Describe the Aged Parent and Miss Skiffins in Chapter 37 of Great Expectations by Charles Dickens.


"of a wooden appearance, and...(works) in the post-office branch of the service."

MissSkiffins is apparently a few years younger than Wemmick, and the cut of her dress gives her figure the appearance of a boy's. Pip thinks that her gown is "too decidedly orange, and her gloves a little too intensely green," but concludes that Miss Skiffins is "a good sort of fellow...(who) show(s) a high regard for the Aged." Miss Skiffins is apparently a frequent visitor to the Castle, as is evidenced by the fact that the contraption which announced Wemmick's arrival also is capable of announcing hers.

Miss Skiffins' familiarity with the Aged, and his with her, is demonstrated by the comfortable way in which they prepare the tea together, with Miss Skiffins brewing the beverage while the Aged makes a great "haystack of buttered toast." Miss Skiffins, in "a trifling lady-like amateur manner," washes up the tea things when the treat has been shared, and the Aged gets out his spectacles, so that, "according to custom," he can read the news aloud to the group. The Aged greatly enjoys this ritual, and the others nod appreciatively to encourage him, with Wemmick being careful to watch the old man to make sure that he does not put his head or his newspaper too close to the candle.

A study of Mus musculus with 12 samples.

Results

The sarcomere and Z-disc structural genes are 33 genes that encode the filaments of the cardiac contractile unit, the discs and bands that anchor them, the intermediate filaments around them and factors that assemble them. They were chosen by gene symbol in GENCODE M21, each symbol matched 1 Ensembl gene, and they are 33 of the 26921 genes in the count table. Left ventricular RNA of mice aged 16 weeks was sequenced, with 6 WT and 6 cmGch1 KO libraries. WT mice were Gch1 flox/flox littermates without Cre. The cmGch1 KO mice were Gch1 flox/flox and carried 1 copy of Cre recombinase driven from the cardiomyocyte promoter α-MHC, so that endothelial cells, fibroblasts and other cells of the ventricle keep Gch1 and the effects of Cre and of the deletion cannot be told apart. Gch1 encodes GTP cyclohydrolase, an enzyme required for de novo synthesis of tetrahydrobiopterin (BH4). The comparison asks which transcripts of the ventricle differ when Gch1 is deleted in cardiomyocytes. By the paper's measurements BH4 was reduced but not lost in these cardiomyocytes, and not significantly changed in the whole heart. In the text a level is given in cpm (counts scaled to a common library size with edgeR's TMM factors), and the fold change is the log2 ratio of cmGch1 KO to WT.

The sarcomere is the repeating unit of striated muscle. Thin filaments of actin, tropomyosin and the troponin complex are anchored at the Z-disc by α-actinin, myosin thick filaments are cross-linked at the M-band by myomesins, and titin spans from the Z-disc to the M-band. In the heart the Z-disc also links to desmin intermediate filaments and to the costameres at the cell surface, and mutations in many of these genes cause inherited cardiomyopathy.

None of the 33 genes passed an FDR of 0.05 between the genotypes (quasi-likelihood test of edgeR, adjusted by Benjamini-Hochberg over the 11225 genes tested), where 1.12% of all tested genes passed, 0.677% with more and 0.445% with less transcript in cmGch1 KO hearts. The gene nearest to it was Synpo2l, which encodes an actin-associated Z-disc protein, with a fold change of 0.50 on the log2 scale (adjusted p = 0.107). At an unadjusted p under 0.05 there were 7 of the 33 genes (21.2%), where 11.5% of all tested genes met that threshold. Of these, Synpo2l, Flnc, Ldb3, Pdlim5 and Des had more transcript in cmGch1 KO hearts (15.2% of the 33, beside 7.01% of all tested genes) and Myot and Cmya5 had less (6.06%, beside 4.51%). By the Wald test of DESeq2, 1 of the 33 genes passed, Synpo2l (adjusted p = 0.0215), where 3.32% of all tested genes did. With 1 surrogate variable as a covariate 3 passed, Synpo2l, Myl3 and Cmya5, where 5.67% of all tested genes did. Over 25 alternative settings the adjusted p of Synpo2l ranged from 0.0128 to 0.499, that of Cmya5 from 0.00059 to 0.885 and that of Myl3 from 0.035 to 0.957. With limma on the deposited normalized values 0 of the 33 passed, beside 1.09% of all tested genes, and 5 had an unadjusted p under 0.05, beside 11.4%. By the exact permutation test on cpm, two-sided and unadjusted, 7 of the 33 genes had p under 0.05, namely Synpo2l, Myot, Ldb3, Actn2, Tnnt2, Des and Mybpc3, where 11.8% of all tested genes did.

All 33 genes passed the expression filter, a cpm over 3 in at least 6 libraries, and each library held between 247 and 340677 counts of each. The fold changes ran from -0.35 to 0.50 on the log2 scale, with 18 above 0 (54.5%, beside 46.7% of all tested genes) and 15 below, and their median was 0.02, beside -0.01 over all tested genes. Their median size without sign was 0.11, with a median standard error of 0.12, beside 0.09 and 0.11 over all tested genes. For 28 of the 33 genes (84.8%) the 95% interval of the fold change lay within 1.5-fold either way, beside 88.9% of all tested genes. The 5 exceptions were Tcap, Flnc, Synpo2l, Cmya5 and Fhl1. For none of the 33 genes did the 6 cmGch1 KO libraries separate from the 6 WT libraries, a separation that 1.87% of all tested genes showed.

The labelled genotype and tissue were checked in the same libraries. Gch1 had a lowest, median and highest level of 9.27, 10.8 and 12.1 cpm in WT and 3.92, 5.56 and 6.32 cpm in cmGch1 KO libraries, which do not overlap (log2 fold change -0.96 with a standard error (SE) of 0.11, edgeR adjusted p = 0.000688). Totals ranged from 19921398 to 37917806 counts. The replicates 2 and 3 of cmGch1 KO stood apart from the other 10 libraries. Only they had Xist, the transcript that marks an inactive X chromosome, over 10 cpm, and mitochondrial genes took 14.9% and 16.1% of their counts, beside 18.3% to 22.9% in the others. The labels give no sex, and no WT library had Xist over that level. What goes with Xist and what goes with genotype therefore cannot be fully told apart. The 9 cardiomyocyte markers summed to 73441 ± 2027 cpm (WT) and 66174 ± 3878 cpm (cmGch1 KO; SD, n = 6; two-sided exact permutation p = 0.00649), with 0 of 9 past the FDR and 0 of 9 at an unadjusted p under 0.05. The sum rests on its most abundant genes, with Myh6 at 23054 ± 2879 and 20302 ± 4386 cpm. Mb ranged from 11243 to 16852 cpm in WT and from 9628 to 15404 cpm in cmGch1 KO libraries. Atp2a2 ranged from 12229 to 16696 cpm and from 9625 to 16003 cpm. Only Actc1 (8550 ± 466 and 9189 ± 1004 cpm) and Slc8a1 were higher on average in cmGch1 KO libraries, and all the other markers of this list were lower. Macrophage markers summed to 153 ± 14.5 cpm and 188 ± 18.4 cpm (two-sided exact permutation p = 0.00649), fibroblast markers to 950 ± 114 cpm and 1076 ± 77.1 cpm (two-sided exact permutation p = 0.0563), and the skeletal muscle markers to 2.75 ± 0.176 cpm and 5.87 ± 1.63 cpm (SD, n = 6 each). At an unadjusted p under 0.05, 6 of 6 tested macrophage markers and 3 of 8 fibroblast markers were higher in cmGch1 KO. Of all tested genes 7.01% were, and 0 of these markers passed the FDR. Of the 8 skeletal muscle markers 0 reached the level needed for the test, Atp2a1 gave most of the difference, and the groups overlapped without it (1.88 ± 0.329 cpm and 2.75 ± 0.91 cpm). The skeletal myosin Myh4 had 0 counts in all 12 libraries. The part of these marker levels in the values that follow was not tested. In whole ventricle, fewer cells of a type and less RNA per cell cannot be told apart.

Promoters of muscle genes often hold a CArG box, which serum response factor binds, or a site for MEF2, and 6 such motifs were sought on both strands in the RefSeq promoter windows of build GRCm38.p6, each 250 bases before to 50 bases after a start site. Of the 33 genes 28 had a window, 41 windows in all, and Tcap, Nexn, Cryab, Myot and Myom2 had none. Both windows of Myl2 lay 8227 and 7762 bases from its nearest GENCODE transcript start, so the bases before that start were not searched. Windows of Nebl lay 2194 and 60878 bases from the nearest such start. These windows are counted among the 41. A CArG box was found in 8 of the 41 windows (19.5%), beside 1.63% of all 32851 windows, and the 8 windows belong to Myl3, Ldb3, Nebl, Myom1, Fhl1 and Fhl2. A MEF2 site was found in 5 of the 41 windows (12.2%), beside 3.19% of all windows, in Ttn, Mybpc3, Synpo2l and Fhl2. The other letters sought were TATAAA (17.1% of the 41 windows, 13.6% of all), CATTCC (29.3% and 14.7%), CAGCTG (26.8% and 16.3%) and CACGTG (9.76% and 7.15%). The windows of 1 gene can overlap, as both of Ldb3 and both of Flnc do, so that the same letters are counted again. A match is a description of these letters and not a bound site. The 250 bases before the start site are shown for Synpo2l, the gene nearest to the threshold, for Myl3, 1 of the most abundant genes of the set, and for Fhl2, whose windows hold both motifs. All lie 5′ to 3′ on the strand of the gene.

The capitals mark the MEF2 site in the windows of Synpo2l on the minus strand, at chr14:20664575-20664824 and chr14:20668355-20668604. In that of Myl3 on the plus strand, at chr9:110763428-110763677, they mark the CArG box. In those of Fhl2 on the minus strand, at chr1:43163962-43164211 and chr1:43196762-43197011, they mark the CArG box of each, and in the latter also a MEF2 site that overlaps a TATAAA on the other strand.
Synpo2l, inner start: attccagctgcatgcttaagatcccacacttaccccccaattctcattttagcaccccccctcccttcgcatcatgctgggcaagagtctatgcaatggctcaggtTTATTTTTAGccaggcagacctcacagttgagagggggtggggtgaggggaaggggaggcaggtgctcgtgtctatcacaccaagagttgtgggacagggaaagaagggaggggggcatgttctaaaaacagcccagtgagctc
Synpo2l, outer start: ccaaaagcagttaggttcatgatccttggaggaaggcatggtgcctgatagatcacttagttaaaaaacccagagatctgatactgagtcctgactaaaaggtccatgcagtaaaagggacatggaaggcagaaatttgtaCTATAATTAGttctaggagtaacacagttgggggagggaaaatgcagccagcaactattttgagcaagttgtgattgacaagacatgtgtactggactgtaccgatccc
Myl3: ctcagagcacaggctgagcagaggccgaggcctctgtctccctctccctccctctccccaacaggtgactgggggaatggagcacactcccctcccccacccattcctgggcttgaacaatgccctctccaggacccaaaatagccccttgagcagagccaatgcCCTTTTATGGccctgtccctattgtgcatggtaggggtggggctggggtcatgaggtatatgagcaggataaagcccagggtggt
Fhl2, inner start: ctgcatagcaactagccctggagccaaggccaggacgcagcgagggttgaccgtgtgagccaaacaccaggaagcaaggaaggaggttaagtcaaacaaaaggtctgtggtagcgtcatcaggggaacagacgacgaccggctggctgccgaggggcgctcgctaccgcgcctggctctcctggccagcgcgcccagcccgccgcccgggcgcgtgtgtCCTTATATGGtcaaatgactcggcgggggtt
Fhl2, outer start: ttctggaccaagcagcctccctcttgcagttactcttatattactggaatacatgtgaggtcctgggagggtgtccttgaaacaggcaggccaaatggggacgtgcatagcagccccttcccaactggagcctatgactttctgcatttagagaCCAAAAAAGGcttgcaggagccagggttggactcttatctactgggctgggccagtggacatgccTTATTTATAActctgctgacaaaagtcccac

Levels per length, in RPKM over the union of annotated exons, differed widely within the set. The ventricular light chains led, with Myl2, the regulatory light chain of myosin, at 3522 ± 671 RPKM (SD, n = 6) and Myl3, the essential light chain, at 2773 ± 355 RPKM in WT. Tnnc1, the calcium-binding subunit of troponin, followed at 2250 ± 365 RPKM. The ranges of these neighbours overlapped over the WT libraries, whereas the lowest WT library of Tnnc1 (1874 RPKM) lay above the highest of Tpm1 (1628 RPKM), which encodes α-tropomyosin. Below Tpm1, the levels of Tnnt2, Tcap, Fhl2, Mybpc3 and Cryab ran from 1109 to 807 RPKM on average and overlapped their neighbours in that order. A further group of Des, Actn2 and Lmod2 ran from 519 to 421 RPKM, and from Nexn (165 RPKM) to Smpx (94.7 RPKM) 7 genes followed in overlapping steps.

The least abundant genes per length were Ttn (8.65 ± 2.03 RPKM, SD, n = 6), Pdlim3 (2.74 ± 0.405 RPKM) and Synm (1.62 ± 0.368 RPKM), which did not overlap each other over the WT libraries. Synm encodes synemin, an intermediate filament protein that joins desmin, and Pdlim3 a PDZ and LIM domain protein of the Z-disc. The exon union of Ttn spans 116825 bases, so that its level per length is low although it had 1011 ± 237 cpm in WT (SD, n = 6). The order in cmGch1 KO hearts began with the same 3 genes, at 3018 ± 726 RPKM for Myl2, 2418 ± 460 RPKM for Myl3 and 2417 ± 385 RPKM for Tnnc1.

As the Aged reads, Wemmick tries a couple of times to put his arm around Miss Skiffins, but is efficiently rebuffed in his efforts in an almost mechanical manner by the lady. When the group has something warm to drink to conclude the evening, Pip notices that Wemmick and Miss Skiffins share a glass (Chapter 37).